Images from the Jayhawks' second-round game of the Big 12 Tournament against Oklahoma State.
Kansas basketball coach Bill Self, as well as freshmen Andrew Wiggins and Wayne Selden, discuss KU's OT win vs. Oklahoma State in the Big 12 Tournament quarterfinals.
Kansas City, Mo. Some college basketball fans view conference post-season tournaments as a chance to exhale between the regular season and NCAA tournament.
Anyone in the Sprint Center for Kansas University's 77-70, overtime victory Thursday afternoon against Oklahoma State who still feels that way needs to press a finger against a vein and check for a pulse.
Players never view it that way, and they illustrate that not as much with their words as with the urgent way they play the games, start to finish.
Tarik Black knows it better than anyone on the Kansas roster because he’s played in more of them than anybody.
KU's lone senior, Black played a key role for Memphis, as a starter most of the time his first two seasons, a reserve in his junior year.
“We’re here now, so this is the most important moment,” Black said after the victory. “We’re here to win the tournament. We’re not here to play around and have fun.”
Both teams demonstrated that mentality with passionate play.
“Throughout the season, you know next game’s coming, next game’s coming,” Black said. “We’re at the point now, you lose and the next game’s not coming. You have to wait another week. And then once that game comes, you lose that one, the season’s over. We all know that.”
Nobody needed Black to be a shorter, thicker version of Joel Embiid. That’s not within his or any other college basketball player’s capabilities.
Black’s teammates, who look up to him for his experience, wisdom and imposing physical presence, just needed him to be the man that he is, minus the foul trouble.
Black answered the call in a big way Thursday.
He clogged the lane and relied heavily on teammates lending help. He owned the defensive boards, with 11 of his game-high 12 coming at that end, and stayed on the floor for 26 minutes, picked up his fourth foul with 10:54 left and never was called for a fifth.
Black’s defense played a huge role in Kansas taking a 31-23 lead at the half, and he was whistled for one foul before intermission.
“The best defensive teams win championships,” Black said. “It’s so cliche, but it’s true.”
Andrew Wiggins, averaging 35.5 points in KU’s past two games, did the heavy lifting offensively, defended well and played all 45 minutes. Wayne Selden carried out the most pivotal defensive assignment in strong fashion by making Marcus Smart work so hard for his 14 points.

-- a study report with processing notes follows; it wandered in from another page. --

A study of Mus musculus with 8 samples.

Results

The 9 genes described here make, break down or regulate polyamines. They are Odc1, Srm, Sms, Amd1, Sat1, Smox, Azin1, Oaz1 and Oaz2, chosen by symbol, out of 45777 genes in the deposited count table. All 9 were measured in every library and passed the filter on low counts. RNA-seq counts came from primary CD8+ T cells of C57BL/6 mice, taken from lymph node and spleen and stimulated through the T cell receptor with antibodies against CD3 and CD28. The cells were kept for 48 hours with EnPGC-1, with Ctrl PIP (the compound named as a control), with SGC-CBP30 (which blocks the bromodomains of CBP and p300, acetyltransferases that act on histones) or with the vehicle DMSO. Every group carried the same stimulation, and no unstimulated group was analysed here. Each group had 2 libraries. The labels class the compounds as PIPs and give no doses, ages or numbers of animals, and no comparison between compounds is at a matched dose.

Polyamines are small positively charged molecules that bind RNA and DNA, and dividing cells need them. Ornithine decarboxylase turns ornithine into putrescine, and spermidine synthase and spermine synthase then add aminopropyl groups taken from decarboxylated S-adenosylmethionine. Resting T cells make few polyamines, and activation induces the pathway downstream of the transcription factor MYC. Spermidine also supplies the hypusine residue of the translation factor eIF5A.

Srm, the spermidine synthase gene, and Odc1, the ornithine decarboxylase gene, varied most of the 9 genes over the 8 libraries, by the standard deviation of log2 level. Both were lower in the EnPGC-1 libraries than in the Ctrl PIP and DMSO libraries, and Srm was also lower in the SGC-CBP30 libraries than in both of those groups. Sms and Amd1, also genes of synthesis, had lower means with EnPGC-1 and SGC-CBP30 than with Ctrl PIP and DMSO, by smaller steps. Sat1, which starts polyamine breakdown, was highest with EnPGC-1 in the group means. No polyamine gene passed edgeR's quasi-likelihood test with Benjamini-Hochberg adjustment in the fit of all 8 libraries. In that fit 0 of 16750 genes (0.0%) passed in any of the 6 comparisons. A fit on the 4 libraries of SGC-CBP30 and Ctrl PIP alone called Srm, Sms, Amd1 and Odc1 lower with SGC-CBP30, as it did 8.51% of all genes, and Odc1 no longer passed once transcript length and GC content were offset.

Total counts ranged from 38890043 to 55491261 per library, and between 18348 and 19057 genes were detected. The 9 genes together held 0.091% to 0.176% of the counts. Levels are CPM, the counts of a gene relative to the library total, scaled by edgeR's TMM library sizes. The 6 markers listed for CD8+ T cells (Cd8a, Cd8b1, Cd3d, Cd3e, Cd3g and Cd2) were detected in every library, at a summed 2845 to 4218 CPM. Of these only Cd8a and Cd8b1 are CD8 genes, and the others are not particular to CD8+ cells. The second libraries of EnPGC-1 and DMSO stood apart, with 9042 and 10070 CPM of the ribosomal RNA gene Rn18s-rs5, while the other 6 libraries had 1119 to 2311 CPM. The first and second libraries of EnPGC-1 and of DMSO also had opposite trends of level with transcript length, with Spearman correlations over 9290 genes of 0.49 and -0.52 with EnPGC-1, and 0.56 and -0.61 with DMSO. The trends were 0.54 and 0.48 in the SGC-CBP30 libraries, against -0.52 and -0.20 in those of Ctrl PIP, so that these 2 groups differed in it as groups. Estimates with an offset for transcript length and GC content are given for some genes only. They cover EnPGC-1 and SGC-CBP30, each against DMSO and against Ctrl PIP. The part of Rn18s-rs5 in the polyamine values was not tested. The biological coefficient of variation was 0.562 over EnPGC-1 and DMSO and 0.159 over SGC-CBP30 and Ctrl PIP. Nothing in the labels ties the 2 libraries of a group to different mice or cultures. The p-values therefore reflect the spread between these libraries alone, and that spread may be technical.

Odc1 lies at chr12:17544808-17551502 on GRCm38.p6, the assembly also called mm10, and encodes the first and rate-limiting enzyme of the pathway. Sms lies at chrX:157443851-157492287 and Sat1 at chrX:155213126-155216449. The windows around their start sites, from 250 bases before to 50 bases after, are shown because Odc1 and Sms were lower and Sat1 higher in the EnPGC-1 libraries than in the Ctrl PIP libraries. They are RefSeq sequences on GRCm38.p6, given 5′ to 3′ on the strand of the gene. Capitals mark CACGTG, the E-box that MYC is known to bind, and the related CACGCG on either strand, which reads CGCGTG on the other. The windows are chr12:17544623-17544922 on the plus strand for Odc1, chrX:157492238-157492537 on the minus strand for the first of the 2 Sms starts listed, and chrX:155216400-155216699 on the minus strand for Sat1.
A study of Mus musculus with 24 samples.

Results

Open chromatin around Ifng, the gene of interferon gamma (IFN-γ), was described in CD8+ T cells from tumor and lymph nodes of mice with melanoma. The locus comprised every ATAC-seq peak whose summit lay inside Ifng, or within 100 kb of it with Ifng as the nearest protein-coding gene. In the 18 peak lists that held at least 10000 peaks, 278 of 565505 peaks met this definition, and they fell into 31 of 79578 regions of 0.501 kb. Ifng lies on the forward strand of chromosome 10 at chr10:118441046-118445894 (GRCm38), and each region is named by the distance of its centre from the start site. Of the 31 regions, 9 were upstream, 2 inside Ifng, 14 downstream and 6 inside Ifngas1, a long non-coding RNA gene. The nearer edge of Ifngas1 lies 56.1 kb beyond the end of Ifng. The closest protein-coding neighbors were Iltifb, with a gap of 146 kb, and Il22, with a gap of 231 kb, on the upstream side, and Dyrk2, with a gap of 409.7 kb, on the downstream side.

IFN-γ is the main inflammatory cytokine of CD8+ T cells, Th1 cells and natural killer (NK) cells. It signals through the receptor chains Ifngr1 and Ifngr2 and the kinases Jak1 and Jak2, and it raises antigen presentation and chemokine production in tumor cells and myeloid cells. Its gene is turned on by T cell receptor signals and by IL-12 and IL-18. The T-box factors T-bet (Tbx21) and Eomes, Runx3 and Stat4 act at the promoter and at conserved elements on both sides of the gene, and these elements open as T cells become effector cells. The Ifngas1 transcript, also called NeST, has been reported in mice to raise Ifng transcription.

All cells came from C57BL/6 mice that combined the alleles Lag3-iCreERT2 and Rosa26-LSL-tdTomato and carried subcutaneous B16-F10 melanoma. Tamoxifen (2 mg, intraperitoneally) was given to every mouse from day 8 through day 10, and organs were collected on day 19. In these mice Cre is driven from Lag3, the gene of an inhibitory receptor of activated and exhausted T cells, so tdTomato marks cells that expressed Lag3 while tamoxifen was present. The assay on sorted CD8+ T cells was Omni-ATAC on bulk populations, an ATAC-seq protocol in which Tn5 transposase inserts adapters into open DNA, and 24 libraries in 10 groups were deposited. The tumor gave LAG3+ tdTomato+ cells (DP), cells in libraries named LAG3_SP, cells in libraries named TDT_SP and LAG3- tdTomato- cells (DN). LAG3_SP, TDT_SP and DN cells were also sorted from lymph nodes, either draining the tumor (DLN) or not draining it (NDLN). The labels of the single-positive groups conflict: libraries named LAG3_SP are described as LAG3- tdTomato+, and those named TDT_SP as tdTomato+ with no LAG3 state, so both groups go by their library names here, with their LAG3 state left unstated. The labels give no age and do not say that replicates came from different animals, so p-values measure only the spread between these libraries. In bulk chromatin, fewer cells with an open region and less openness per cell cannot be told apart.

Black didn’t need to join Wiggins on the marquee just because Embiid does. He just had to be an on-court presence because you can’t lead from the bench. Vocal encouragement and towel-waving can add juice to a team, but his muscle is needed helping to cause missed shots and cleaning them up.
He had a couple of memorable moments offensively as well. During the final minutes of regulation, when the lead shot back and forth over the ping-pong net, Naadir Tharpe threw up a courageous lob and Black hammered it home in traffic to put KU up by one point with 3:12 remaining.
At the end of regulation, Black rebounded Wiggins’ off-balance misfire and threw it off the glass and in, a fraction of a second too late for it to count.
Recruited from Memphis to Kansas after he graduated in three years, he transferred after playing a career-low 20.8 minutes as a junior.
“It’s great to have a senior out there,” said red-shirt freshman Landen Lucas, who picked up three fouls a rebound and a blocked shot in four minutes. “Coach recruited him to be a starter. Jo Jo just ended up being the starter we know now. And I’m capable of being Tarik’s backup. I just have to start playing like that and cut out the fouls and silly mistakes.”
Black willed his feet to move as quickly as they could under his 260 pounds and he was able to make himself a roadblock for shorter, quicker players driving the lane.
Lucas said he was impressed with the way Black supplied help and got back to his man.
“It’s a hard job to do that and not get into foul trouble,” Lucas said. “Look at me. I came in and got three quick fouls.”
It was Lucas' first post-season game.
“I remember being on an all-freshman team and not really knowing what I was doing yet,” Black said. “It’s good to get the first-game jitters out of the way.”
Black’s passion for postseason play showed.
“I love it,” he said. “I’m amped, man."
It showed and he was far from alone.